This week I have an exercise for you that should get your neurons firing in a useful direction. And it's not something that requires all-encompassing attention, either - it's the sort of thing you might do in idle moments while driving (though please pay attention to the road!), or showering, or waiting in lines. You can do it at a leisurely pace; whatever suits you. Exercises like this train your brain to swim in the ocean of words even during times when you're not explicitly "studying." Remember - every little bit helps!
I'll present a simple version of the exercise here. First, pick a couple of consonants - making at least one of them a mid-point tile (BCFHKMPVWY) is a good start, and I'd avoid S or JQXZ at first. For example, let's choose D and P. Your task is this: without writing anything down or having tiles in front of you to shuffle, try to think of words that include D, P, and any two vowels. Two vowels, two consonants, four-letter words. If you feel unsure of some of your answers, either check them after you're done, if you can, or make a mental note to check them later with a program like Zyzzyva.
What you're doing here, starting with shorter, simpler words, is teaching yourself to turn around groups of letters in your mind. The complete list of fours with a D, a P and two vowels: APED, PADI, PAID, APOD, DOPA, DEEP, PEED, PIED, DOPE, OPED, DUPE, POOD, UPDO (and DOUP#, if you're Collins), PUDU. Notice that the D, the P, and the vowels can appear in many different sequences in the words. To find all of these, notice what you have to do - in your mind, you have to evaluate DP plus these vowel combos: AA, AE, AI, AO, AU, EE, EI, EO, EU, II, IO, IU, OO, OU, UU. But four letters isn't very many to juggle in your mind, so you can move quickly. And while you'll still have to examine each combination for at least a few seconds, your intuitive familiarity with English will help inform you that, for example, DP plus EE is much more likely to yield words than DP plus IU is. Through this exercise, that native intuition will be honed even further, and you'll solidify the studying you've already done. (Also, the ability to anagram without tiles or writing allows you to study much faster, covering more words and getting more practice on the troublesome ones.)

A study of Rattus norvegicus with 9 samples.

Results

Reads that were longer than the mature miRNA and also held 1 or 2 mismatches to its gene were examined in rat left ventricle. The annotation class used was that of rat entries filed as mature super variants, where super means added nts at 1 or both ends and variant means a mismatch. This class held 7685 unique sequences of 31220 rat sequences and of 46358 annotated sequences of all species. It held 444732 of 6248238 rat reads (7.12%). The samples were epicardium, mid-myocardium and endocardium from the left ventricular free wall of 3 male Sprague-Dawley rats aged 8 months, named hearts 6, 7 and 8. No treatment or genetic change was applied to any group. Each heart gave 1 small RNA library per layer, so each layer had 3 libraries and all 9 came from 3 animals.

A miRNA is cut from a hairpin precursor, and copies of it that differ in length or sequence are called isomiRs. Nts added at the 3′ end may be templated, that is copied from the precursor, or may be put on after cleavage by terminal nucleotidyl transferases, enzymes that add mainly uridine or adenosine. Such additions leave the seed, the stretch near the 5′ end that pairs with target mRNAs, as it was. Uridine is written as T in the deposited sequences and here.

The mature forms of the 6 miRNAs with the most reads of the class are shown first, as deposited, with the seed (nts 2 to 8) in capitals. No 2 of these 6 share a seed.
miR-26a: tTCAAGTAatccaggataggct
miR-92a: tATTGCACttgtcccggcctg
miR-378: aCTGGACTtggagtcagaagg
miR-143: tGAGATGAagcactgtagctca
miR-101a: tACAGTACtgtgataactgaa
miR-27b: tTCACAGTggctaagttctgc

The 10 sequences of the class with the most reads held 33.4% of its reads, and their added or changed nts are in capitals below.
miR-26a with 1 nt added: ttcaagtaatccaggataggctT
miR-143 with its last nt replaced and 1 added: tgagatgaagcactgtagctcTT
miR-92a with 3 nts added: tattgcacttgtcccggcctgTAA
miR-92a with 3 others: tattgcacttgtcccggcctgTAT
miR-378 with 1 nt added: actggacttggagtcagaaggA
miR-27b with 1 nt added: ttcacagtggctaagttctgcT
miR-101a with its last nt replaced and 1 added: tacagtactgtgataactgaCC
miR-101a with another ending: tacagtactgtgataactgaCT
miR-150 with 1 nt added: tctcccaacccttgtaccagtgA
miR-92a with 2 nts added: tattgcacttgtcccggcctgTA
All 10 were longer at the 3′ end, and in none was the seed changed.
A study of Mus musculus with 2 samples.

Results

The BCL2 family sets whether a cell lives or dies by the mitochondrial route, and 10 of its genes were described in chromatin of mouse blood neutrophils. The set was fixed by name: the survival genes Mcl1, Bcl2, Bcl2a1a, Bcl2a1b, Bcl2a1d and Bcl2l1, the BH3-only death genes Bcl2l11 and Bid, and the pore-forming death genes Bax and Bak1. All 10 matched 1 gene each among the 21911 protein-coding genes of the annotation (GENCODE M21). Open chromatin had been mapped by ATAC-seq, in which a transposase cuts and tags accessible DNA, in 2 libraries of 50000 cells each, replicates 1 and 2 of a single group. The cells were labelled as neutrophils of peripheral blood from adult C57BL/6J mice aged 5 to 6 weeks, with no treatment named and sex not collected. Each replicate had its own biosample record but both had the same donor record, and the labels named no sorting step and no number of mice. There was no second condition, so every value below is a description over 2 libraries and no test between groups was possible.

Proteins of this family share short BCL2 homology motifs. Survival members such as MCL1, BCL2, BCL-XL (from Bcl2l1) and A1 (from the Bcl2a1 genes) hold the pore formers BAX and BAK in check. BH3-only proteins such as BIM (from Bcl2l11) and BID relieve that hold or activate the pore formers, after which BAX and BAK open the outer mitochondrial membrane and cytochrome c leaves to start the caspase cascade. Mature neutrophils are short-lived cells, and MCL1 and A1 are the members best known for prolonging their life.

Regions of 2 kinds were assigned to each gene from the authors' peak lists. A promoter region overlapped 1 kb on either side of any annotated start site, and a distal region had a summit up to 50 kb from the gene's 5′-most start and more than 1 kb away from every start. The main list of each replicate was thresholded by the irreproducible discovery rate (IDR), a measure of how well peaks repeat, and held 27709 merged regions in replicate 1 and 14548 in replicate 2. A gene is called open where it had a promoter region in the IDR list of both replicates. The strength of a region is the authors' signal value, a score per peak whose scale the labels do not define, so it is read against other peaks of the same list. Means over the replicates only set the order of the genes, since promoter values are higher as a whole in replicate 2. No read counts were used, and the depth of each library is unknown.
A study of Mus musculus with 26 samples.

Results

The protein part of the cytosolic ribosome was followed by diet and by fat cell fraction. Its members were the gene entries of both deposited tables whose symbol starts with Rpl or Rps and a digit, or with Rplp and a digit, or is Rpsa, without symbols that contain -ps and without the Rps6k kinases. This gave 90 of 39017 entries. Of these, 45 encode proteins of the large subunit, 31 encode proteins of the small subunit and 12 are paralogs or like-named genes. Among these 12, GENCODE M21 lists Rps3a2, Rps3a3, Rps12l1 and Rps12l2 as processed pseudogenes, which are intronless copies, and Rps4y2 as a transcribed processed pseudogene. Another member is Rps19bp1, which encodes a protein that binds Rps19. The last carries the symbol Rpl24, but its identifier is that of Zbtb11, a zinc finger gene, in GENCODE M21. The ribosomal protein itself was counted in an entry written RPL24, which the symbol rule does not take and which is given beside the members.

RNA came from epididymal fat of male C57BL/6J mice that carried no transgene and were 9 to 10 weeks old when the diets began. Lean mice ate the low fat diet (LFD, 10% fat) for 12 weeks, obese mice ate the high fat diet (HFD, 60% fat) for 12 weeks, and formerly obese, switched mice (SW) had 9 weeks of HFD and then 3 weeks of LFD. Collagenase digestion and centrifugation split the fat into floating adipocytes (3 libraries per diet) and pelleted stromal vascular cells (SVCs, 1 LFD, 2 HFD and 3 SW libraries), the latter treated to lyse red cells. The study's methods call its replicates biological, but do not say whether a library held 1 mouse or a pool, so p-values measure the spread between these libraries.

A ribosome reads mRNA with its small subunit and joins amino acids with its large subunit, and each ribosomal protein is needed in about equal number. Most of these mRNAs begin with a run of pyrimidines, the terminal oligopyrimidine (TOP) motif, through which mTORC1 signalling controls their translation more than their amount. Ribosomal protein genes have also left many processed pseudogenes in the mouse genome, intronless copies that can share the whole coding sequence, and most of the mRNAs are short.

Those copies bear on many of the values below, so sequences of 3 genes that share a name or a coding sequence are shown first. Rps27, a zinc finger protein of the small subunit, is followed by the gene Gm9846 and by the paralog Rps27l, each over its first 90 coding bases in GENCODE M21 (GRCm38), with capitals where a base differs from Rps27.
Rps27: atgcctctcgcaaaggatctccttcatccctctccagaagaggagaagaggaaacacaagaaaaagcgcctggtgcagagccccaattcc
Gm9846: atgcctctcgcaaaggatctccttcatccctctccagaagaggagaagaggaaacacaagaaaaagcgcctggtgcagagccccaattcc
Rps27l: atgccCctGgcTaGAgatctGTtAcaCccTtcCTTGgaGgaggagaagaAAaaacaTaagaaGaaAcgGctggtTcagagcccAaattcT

You may be wondering why I stipulated above that you should do this exercise entirely in your head - that is, no writing things down or having tiles in front of you. There are two reasons: first, doing the exercise in your head frees you to practice your skills even in situations where you don't have tiles or writing materials at hand. But second and more important, anagramming in your head is an important Scrabble skill. As I said in a recent post, the less time you have to expend on finding words, the more time you have left over to consider the strategic implications of your plays, and because the strategic elements of the game often require deeper, more multidimensional thought, it's better to be able to devote your clock time to that purpose than to finding words and plays. And being able to shift around letters in your head feeds into your skill at visualizing plays on the board, too - finding the best play can require seeing complex overlaps or finding plays through disconnected letters on the board. These are the kinds of plays that experts often see without even thinking very hard, because the process of mentally turning around letters has become so ingrained. If you want to excel at Scrabble, you should look to make these skills second nature for yourself.
By doing this exercise with various letter combinations, you're building your feel for the structures of the words, and systematizing that ability means that you can call on it during games to help you. Even better, the act of cycling mentally through letters and combinations of letters can help you in other ways: for example, when you have a blank on your rack, you want to be able to go confidently and quickly through the alphabet, imagining the blank as every different letter of the alphabet and being able to find what the blank allows you to play. Rehearsing the act of mental cycling makes that process feel natural, over time, and this skill will serve you well whether you're considering bingos with a blank (a good spot to be in!) or just finding the best shorter word you can play in an important or high-scoring spot on the board. You want to get your Scrabble brain into that cycling habit, and little informal exercises like this help cultivate that habit.
If you're advanced enough in your word practice that two consonants and two vowels is feeling easy, there are any number of ways to make this exercise tougher. Add a third consonant, or require a third vowel, and try to find five-letter words, or if you're feeling particularly masochistic, add a blank tile that could be either consonant or vowel to your puzzle. Or require the consonants to be in a certain order, or...well, any other rule you want to impose. There's a variant I like to play during my long commute to work sometimes: most license plates in my part of the world have consonant-heavy letter strings. I'll take a string from a neighboring car I see and try to think of all the words with those letters plus any number of vowels, or if it's a particularly clunky set of consonants like GJW, I'll allow a blank or extra consonants into the solution. (There are ten 6-8 letter words containing GJW - can you think of some of them?) Customize the game however you like - the point is to create the habit of rearranging letters in your mind.